Web writing guide

In today’s fast-paced digital landscape, users have increasingly high expectations when it comes to finding the information they need. By crafting content that is optimized for the web, you can ensure your message is clear, concise and easy to understand and that your users can find the information they need with minimal effort. Writing clearly and simply is a deceptively challenging task but an important one to master when writing for a website. Not only is it a more effective way to communicate, but it’s helpful in creating content that is more accessible.

General guidelines


Creating and maintaining a logical and organized outline will help keep you and your thoughts on track.

Be direct

Tell your users what you’re going to tell them, and then tell them. If you don’t need a lot of background information to present your information, there’s no need to provide it.

Stick to the point

Staying on point will help your user remember it.

Be interesting

Try to capture your user’s attention by including some relevant details that motivate them to continue reading.

Write to your audience

A university site can have multiple audiences—students, parents, colleagues, industry competitors, researchers, etc. Think about who your main audience is and write with their main characteristics in mind.

Use active voice

Using an active voice links the subjects directly with the action. Passive voice weakens the actions of a sentence by distancing the action for the subjects performing the action.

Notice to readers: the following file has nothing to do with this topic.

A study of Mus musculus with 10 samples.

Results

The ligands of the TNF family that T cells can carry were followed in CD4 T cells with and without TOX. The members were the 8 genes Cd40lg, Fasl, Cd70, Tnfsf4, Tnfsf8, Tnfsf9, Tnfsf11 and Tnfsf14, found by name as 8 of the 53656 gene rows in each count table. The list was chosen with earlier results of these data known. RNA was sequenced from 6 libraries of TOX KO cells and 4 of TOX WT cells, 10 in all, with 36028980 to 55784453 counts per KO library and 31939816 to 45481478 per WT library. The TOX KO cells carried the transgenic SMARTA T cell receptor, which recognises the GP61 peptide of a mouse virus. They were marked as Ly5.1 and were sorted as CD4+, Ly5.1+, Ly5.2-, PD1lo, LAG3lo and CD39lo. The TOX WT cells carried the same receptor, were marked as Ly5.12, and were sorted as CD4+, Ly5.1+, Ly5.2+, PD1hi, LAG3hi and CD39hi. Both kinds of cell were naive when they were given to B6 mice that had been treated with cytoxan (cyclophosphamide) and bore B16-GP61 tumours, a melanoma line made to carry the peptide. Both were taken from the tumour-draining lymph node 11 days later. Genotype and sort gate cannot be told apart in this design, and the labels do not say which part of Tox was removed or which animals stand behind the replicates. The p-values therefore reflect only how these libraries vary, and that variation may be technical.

Short and sweet

Try to stay away from long paragraphs of content. Shorter sentences and bulleted lists tend to be more effective when writing for the web as your average user won’t wade through a lot of text to find what they’re looking for.

Avoid slang and jargon

“In-speak” is useful to those who understand it but confusing and frustrating to those that don’t.

Link text

Helping users understand the destination of links is important in increasing the accessibility of a webpage or document. Screen readers can scan a page for hyperlinks, so it’s important that they make sense without the help of their surrounding content.

  • Use link text that details its destination, not just “click here” or “learn more.”
  • Use multiple words or a short phrase—single words are difficult for individuals with limited motor control to hit.
  • Highlight only the one-to-three most important words, NOT "click here."
  • Don’t use the actual URL as the link.


YES: Colorado School of Mines is accepting applications for Fall 2023 now. Submit an undergraduate application.
NO: Colorado School of Mines is accepting applications for Fall 2023 now. Click here to find out more.

YES: Students interested in buying Mines apparel can shop on the bookstore website.
NO: Students interested in buying Mines apparel can look on the website.

Image links

If you use an image to create links, make sure the destination is included in the image alt text.

Link names to avoid: click here, read more, additional info


  • Enhance scannability with subheadings, bulleted lists, numbered lists
  • Offer links to relevant and supplemental information
  • Employ an active voice: "They baked a delicious cake."
  • Use lists or tables whenever applicable


  • Anticipate visitors to read everything
  • Include all information on a single page
  • Employ a passive voice: "A delicious cake was baked."
  • List items within a paragraph to save space.